Date: April 1997
Over the past 3 years, local governments, which are responsible for maintaining nearly three-quarters of the roads in the United States, have been introduced to the products of the Strategic Highway Research Program (SHRP), thanks to a recently concluded project sponsored by the Federal Highway Administration's (FHWA) Local Technical Assistance Program (LTAP).
The FHWA project, conducted by former SHRP staff members John Hibbs and Shashikant Shah, emphasized 18 SHRP products chosen because of their affordability and ease of implementation and because they meet the needs of local highway agencies. The products included:
As part of the project, the Nation's 57 Transportation Technology Transfer (T2) Centers were sent samples of the SHRP products for use in demonstration and training sessions, including specially developed training programs on work zone safety, flagging, and pothole patching. Local governments were encouraged to borrow the equipment for extended field tests.
In addition, the SHRP products were displayed and demonstrated at State and national exhibits and presentations for staff from local highway agencies.
"Local highway agencies were especially interested in the work zone safety devices, particularly the flashing stop/slow paddle, and in the SHRP guidelines on pavement maintenance and repair," says Hibbs.
Charles Goodspeed at the New Hampshire T2 Center and a member of the technical panel, says the project helped local highway agencies in his State improve work zone safety. "New Hampshire got quite a bit out of the LTAP SHRP implementation program," he says. "The SHRP safety equipment was very important to our communities."
Goodspeed says the project helped to drum up interest in a New Hampshire program to provide 25 local governments with financial assistance to buy work zone safety equipment. "The stimulation for the fierce competition to participate in the program came from John Hibbs' demonstration of the SHRP safety equipment at our annual Mountain of Demonstrations," he says.
A technical panel made up of T2 representatives from each FHWA region, the American Public Works Association, the National Association of County Engineers, the National Association of Towns and Townships, and FHWA provided Hibbs and Shah with guidance on the project. Based on the success of the project, the panel expects it to serve as a model for future technology transfer programs aimed at local governments. For example, Hibbs says, there is a continuing need to demonstrate new work zone safety equipment to local highway agencies. They will also need assistance in learning about the Superpave system, which is designed to provide more durable pavements on all roads, not just high-volume highways. Goodspeed says many local highway agencies could also benefit from high-performance concrete and anti-icing strategies.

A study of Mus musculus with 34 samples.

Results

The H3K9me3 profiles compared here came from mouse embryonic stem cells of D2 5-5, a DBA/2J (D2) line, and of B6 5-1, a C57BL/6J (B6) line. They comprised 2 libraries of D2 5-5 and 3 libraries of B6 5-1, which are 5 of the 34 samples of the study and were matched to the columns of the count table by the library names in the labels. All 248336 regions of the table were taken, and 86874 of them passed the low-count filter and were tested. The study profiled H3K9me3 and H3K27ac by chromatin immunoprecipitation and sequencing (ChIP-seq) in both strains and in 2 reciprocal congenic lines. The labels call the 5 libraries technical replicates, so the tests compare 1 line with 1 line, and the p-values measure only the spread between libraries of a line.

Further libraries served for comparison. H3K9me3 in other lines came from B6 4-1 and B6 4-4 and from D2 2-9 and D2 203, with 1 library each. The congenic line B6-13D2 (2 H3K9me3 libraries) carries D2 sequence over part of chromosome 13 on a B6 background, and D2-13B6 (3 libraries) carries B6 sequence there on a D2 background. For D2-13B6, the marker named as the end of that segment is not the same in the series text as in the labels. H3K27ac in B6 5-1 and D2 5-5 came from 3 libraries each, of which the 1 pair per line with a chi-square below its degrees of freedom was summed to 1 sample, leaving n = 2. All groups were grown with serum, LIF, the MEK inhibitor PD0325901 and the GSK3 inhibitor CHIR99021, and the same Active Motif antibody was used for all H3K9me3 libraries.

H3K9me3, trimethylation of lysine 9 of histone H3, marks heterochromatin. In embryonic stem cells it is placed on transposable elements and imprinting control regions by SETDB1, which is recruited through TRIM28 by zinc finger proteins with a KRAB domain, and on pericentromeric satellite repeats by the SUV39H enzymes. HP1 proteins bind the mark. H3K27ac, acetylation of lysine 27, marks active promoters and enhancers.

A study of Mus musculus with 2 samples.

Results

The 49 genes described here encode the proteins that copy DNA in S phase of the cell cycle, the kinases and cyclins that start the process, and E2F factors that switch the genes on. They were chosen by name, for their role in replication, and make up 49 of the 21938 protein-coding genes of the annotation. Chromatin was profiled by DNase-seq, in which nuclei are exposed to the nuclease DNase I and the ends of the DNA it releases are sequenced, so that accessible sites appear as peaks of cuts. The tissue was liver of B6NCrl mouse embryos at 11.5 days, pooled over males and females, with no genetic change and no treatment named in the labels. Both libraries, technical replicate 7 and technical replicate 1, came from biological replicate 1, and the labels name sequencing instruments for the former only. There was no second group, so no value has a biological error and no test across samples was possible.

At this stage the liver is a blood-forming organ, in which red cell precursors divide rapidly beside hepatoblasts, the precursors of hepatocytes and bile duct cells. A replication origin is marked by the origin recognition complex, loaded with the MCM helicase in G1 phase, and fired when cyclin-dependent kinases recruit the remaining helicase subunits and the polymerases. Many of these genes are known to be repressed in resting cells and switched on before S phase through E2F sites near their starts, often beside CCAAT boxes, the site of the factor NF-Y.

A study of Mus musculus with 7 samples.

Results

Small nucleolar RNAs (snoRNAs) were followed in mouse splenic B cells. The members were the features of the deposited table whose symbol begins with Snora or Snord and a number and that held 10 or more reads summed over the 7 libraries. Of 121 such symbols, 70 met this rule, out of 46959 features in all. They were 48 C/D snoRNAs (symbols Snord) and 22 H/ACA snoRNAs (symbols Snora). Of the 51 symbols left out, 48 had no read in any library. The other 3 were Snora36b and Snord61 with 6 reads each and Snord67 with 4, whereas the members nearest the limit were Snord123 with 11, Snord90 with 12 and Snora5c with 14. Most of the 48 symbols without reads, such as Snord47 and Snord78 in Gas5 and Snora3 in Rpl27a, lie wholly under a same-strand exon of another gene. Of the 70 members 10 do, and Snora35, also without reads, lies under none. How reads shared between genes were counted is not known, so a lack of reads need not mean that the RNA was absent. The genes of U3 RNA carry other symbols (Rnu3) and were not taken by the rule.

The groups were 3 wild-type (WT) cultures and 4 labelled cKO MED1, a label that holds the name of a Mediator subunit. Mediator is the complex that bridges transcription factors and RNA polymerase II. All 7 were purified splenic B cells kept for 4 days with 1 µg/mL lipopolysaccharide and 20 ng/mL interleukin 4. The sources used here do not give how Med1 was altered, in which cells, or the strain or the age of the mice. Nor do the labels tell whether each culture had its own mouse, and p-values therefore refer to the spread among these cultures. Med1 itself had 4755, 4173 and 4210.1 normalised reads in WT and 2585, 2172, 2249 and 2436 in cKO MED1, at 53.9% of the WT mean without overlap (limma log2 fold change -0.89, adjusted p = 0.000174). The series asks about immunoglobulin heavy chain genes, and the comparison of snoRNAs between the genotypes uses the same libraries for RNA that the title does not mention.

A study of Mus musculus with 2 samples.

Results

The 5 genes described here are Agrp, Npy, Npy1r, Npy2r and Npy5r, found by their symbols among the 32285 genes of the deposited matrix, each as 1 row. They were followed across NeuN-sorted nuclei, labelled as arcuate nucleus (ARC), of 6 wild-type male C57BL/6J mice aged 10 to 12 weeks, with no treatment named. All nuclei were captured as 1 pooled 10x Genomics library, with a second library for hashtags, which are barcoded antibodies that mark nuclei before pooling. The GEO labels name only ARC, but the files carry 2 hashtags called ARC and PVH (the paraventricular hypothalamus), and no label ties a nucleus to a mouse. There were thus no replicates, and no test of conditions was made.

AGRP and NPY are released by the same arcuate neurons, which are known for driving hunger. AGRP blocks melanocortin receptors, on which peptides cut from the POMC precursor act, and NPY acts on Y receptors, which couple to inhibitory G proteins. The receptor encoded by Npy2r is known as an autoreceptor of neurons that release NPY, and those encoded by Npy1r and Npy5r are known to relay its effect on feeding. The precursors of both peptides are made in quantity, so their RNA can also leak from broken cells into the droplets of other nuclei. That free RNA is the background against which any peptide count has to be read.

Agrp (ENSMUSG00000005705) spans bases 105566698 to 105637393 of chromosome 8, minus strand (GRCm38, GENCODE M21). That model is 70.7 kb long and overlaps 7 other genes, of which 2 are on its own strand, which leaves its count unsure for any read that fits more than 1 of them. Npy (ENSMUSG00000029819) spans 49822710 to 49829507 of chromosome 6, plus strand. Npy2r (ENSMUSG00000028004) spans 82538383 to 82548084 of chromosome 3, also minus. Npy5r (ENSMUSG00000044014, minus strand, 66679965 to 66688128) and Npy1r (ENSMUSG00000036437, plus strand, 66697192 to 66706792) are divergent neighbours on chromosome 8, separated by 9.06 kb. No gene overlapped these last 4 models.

Hibbs attributes the project's success to the staff at the T2 Centers. "Shah and I planted a lot of seeds, and the LTAP staff are continuing to nurture the new plantings," Hibbs says.
The final report on the project, SHRP Products for Local Governments (Publication No. FHWA-SA-97-039), will soon be available from FHWA's Research and Technology Report Center at 301-577-0906; fax: 301-577-1421.
For more information on the T2 Centers, contact Nelda Bravo at FHWA (telephone: 202-366-9633; fax: 202-366-7909; email: email@example.com).
The T2 Centers were established in 1982 under the Rural Technical Assistance Program (RTAP). Operated by the Federal Highway Administration, the program provided technical support and training to highway agencies in rural areas. In 1991, the Intermodal Surface Transportation Efficiency Act (ISTEA) broadened the RTAP mission to include cities with populations between 50,000 and 1 million and Native American tribal governments. The result was the Local Technical Assistance Program (LTAP). Today, there are 57 T2 Centers-1 in every State and Puerto Rico and 6 serving Native American tribal governments.
The T2 Centers conduct training sessions and demonstrations and serve as clearinghouses for information on transportation issues and technologies. They are funded by LTAP, with matching funds from State governments, universities, State highway agencies, and other organizations.